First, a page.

An oil tanker needed its four propeller blades overhauled during a stop in Ghent, Belgium. We therefore sent a team to the vessel’s location to remove the blades on-site and reinstall them when they returned from the workshop.
Our team traveled from our headquarters in Antwerp with trucks and the required equipment. A large stock of state-of-the-art tools is ready at all times in our fast response center, so mobilization to any type of operation can be almost immediately.
The operation was carried out while the vessel was alongside and trimmed so that the blades could be surfaced one by one. Our men started the repair with the installation of chain blocks to rig the first blade. They then removed the blade bolts and lifted the blade. A blind flange was installed to prevent water ingress during the overhaul. The ship crew then turned the propeller 90° to surface the second blade. Our technicians repeated the same procedure on this blade, followed by the third and fourth blade.
While the blades were transported to the workshop and overhauled, our team carried out several other operations on the vessel. A full inspection of the propeller hub was done, as well as an inspection of the blade carriers and the propeller shaft. They also installed anodes on the rudder. By combining these operations, time between the removal and reinstallation was used as efficiently as possible.
When the blades arrived back on location, they were installed using the reverse procedure. The operation was finished swiftly to enable the owner to sail his ship with only the bare minimum of delay. No costly drydock visit had to be planned.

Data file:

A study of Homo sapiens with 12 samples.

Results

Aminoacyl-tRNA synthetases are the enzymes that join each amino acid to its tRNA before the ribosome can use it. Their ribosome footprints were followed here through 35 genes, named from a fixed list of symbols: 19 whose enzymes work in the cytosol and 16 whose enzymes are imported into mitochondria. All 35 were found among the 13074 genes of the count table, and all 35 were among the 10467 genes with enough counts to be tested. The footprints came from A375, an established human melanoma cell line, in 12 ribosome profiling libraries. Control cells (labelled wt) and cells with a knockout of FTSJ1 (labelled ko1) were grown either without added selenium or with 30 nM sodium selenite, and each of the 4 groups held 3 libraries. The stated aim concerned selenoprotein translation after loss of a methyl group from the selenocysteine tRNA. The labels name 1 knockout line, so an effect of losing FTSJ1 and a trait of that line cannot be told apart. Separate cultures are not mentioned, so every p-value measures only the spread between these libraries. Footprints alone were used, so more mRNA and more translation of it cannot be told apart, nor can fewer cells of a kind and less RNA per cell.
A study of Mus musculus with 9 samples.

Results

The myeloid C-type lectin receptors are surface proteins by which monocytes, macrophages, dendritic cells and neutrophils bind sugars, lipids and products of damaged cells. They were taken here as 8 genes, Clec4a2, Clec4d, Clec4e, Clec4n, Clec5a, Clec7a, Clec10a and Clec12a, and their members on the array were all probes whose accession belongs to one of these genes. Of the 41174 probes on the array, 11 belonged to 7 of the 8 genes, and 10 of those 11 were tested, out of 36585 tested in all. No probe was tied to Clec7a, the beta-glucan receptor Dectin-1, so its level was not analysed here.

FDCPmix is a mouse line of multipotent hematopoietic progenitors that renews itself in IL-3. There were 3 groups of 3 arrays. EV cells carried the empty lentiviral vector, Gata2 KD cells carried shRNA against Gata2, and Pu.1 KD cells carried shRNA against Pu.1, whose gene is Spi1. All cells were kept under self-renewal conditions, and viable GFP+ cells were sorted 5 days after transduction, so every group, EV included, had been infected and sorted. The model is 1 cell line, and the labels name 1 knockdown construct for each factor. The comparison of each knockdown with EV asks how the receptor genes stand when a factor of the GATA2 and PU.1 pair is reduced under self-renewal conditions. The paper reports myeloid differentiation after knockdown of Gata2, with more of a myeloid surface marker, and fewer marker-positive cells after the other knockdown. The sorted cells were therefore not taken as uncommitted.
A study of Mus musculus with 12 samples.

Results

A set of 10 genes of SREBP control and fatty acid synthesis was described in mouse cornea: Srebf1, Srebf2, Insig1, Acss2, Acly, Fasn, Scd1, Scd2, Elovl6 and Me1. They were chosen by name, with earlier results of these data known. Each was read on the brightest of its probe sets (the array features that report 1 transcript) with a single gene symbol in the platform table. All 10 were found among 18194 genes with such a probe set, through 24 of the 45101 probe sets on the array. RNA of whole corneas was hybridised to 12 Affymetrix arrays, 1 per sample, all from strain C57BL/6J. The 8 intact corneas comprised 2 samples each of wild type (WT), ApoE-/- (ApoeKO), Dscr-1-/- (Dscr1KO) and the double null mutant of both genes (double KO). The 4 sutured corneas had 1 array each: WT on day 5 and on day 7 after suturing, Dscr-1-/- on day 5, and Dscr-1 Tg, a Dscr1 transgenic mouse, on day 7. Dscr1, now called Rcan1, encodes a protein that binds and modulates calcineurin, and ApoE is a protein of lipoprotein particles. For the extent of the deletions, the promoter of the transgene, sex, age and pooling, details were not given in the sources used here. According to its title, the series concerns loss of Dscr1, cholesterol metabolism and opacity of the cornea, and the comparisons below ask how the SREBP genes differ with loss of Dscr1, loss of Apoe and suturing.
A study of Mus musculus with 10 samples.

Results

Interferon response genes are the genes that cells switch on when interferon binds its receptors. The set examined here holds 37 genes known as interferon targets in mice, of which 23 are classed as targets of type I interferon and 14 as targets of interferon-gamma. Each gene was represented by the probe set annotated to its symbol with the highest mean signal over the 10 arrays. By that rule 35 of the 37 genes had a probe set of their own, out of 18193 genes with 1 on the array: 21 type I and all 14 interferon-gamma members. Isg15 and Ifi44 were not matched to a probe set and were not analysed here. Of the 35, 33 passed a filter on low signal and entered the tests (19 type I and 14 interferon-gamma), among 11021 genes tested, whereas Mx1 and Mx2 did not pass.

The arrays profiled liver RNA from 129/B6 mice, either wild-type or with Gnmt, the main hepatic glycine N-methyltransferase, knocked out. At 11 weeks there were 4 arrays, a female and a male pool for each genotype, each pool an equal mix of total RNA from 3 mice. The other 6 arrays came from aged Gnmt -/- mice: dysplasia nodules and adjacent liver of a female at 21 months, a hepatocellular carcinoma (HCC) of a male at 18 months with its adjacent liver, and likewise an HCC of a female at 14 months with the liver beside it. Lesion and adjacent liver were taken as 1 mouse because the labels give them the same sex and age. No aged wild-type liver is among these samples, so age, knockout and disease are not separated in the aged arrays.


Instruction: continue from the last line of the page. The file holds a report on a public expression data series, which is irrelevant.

Emergency blade seal replacement in Togo
Removing one or more propeller blades is not only needed when they have to be repaired. It also allows our teams to perform other work on the propeller while the vessel stays afloat. This was the case in Lome, Togo.
Oil was leaking from one of the blades of the propeller of a 210-meter roro ship. The vessel could not use its propeller anymore and the blade seal needed to be replaced. A fast and on-site solution was essential in keeping the ship on schedule. We therefore mobilized a team to the ship’s location in Port of Lome, Togo to perform emergency repairs.
Seven of the eight blade bolts were easily removed, but the last bolt was firmly stuck. It could only be removed by cutting it with the aid of special equipment. The propeller blade was then lifted and the damaged blade seal was replaced with a new one. After the new seal was installed the blade was repositioned and the bolts were secured again.
A successful oil pressure test and an underwater inspection of the entire propeller were performed, concluding the repair. With the oil leak repaired the vessel was able to leave Lome with a working propeller. The owner could keep to the sailing schedule without any delay.
Contact us for more information on underwater propeller repairs. We are at your disposal 24/7.